For Ads, Context, Not Content, Is Key


But the effectiveness of these pitches varies tremendously, depending upon the emotional state of the reader or viewer. That’s the conclusion of a new study that confirms certain concepts from evolutionary psychology, and suggests persuasiveness is largely a matter of context.

A team of researchers led by Vladas Griskevicius, professor of marketing at the University of Minnesota, showed three groups of university students short clips from either a romantic movie (Before Sunrise, in which Ethan Hawke and Julie Delpy gradually fall in love) or a violent thriller (The Shining, featuring a crazed, knife-wielding Jack Nicholson).

The test subjects then viewed a series of ads for an art museum, a restaurant or the city of Las Vegas (as a tourist destination). Half based their appeal on popularity: The ones for the museum proclaimed “Visited by Over One Million People Each Year.”

The others were rooted in appeals to individualism. The museum ad read “Stand Out From the Crowd,” while the one for the restaurant boasted it was “A Unique Place Off the Beaten Path.”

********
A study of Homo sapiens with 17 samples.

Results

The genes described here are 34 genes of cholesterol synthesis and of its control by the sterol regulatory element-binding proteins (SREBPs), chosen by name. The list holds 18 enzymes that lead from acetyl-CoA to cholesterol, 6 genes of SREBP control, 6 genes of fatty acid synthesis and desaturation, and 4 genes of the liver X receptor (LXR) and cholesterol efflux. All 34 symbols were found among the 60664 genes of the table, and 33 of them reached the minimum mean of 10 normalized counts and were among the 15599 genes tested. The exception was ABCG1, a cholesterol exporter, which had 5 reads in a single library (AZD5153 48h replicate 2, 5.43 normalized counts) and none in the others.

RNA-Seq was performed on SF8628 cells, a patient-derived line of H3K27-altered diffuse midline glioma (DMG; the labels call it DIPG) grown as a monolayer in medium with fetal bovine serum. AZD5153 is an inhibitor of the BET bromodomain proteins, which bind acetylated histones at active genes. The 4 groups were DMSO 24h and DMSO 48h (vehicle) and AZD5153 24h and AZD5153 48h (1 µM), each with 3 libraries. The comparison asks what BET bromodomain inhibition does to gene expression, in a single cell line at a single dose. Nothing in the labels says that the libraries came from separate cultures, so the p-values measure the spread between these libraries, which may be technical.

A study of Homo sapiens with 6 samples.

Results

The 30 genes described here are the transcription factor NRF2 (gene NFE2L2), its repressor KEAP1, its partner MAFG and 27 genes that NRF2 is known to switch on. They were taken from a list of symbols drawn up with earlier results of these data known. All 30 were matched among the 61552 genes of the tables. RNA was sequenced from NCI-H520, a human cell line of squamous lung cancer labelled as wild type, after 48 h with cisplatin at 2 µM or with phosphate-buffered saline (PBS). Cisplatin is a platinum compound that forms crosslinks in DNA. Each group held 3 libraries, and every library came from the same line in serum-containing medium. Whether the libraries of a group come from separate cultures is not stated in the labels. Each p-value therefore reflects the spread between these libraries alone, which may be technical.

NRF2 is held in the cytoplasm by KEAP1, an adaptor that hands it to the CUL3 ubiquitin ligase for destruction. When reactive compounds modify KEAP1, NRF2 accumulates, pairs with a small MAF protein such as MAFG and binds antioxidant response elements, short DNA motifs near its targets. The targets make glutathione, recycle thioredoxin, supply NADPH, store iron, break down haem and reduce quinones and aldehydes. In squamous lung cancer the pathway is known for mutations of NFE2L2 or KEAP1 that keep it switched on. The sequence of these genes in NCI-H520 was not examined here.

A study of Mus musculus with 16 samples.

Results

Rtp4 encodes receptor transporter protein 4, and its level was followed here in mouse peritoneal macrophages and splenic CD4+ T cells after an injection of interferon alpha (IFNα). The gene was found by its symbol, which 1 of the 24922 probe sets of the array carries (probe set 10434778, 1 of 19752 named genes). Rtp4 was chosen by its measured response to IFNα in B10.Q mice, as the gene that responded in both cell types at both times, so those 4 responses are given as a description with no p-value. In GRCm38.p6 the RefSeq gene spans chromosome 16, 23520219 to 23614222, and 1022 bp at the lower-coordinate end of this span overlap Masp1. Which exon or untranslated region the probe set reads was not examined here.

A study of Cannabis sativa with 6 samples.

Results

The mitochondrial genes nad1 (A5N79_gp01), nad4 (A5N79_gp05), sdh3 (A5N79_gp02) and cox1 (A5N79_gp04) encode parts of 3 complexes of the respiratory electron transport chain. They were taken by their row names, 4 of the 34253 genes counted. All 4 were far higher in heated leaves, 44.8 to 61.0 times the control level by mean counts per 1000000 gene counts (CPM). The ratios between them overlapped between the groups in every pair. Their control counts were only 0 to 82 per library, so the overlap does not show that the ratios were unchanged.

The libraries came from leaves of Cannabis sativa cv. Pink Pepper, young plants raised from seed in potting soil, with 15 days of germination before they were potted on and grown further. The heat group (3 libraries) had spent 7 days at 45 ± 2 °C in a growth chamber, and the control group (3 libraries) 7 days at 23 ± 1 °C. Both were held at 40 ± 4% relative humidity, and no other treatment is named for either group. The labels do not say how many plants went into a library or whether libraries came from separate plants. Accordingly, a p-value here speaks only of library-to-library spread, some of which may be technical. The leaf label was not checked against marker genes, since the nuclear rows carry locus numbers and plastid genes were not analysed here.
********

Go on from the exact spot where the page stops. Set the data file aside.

The test subjects then rated the ads’ appeal by answering a variety of questions. Their reactions varied widely, depending upon which film clip they had seen.

People who had watched an excerpt from the scary movie found the popularity-based ads extremely effective. In contrast, the ads emphasizing uniqueness “actually backfired” for this group, the researchers report. Those who had seen the romantic film reacted in precisely the opposite way, insisting the ads emphasizing individualism were far more compelling.

“Being afraid especially leads people to go along with the crowd, activating a ‘safety in numbers’ psychology,” Griskevicius told the university’s media relations office. “A feeling of lust, however, motivates people to go it alone, activating a desire to be seen as unique.”

The findings, which will be published in an upcoming issue of the Journal of Marketing Research, have concrete implications for advertisers. “While touting the uniqueness of a product might be effective during a program that elicits romantic desire,” the researchers write, “the same ad aired during a fear-eliciting program such as the grim local news might actually make the product unappealing.”

Of course, the notion that fearful people are more susceptible to certain appeals will not surprise political strategists, including those who used Americans’ post-9/11 jitters to convince us the Iraq War was a good idea. Today, most of us are again feeling frightened, so it’s wise to be wary of what we’re being sold.